NEW YORK — A self-styled "Jewish Indiana Jones" was arrested Wednesday for the unholy business of cheating Jews through a charity purporting to recover Torah scrolls lost in the Holocaust, US law enforcement said.

Menachem Youlus, 50, allegedly defrauded the charity Save a Torah and its donors of hundreds of thousands of dollars, the US attorney's office in Manhattan and the inspector general of the New York office of the US postal service said in a joint statement.

"Youlus, who billed himself as the 'Jewish Indiana Jones,' fabricated detailed accounts of having found Torahs lost or hidden during the Holocaust in Europe, including in Auschwitz and the Bergen-Belsen concentration camp, and in other places around the world," the statement said.

"He then used those false accounts as a platform for soliciting contributions to Save a Torah, some of which he embezzled by diverting them directly into his personal bank accounts."

Federal prosecutor Preet Bharara, the US attorney for Manhattan, said the alleged embezzler resembled only in one respect the heroic character of the popular "Indiana Jones" films.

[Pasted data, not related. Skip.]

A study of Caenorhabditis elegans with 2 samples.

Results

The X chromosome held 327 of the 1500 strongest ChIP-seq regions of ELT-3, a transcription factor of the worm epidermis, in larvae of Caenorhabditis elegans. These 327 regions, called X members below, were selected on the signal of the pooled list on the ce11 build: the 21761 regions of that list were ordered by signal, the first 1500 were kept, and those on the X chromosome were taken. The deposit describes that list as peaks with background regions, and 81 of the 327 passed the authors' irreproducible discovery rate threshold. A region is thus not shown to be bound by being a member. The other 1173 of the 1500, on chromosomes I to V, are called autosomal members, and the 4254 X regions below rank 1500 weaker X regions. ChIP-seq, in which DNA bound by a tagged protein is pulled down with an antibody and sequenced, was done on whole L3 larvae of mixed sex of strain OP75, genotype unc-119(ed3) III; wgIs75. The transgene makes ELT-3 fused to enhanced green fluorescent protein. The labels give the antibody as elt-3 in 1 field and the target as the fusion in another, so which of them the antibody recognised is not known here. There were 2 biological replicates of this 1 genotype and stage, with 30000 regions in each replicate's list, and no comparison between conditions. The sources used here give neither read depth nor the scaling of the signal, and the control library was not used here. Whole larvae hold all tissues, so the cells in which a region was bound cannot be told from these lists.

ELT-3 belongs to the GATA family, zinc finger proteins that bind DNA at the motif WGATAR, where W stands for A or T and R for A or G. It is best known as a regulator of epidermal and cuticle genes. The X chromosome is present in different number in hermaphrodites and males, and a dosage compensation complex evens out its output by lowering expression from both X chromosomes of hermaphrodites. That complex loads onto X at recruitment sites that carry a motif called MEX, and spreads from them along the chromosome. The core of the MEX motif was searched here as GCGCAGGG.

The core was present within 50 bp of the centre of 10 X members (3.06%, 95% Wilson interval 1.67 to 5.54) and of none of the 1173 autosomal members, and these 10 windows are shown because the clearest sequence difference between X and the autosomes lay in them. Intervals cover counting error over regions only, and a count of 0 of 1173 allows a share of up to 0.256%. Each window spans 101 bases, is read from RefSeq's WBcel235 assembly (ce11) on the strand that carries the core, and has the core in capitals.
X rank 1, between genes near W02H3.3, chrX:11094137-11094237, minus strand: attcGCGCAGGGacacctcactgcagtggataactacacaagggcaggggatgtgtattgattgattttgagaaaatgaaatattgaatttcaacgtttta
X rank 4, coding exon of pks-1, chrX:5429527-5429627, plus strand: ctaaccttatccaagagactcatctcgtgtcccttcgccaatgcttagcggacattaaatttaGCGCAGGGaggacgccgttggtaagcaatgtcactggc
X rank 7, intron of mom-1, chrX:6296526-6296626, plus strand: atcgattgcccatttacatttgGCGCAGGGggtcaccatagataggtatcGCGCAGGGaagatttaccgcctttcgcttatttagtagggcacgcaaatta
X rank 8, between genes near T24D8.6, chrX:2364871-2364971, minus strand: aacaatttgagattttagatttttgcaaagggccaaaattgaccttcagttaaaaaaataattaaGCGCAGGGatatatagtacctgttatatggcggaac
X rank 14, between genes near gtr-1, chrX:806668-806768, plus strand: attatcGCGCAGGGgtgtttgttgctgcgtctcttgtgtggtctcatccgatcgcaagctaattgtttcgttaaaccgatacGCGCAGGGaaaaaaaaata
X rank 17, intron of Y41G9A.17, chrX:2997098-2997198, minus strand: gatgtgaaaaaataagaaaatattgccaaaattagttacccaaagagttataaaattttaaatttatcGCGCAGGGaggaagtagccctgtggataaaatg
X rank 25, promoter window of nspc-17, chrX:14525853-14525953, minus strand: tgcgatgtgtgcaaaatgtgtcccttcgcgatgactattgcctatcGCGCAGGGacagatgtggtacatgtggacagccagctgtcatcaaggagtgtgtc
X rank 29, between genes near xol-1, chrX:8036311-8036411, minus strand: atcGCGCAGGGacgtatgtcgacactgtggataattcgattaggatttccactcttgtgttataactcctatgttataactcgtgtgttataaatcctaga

"His alleged exploits were no more real than those of the movie character he claimed to resemble," Bharara said.

"He chose poorly in allegedly exploiting an excruciating chapter in Jewish and international history to perpetrate a brazen fraud that played on the heartstrings of the people for whom the painful memories of that period will never die."

Youlus was to be arraigned later Wednesday. If found guilty of one count of mail fraud and one count of wire fraud, he faces a maximum of 20 years prison on each count and a maximum fine of $250,000.

Despite the arrest, Save a Torah's website continued to call for donors, saying "more than 60 years after the end of the Holocaust, there is the brief opportunity to rescue and restore Torah scrolls hidden, lost or stolen during the Holocaust and other world upheavals... Time is of the essence."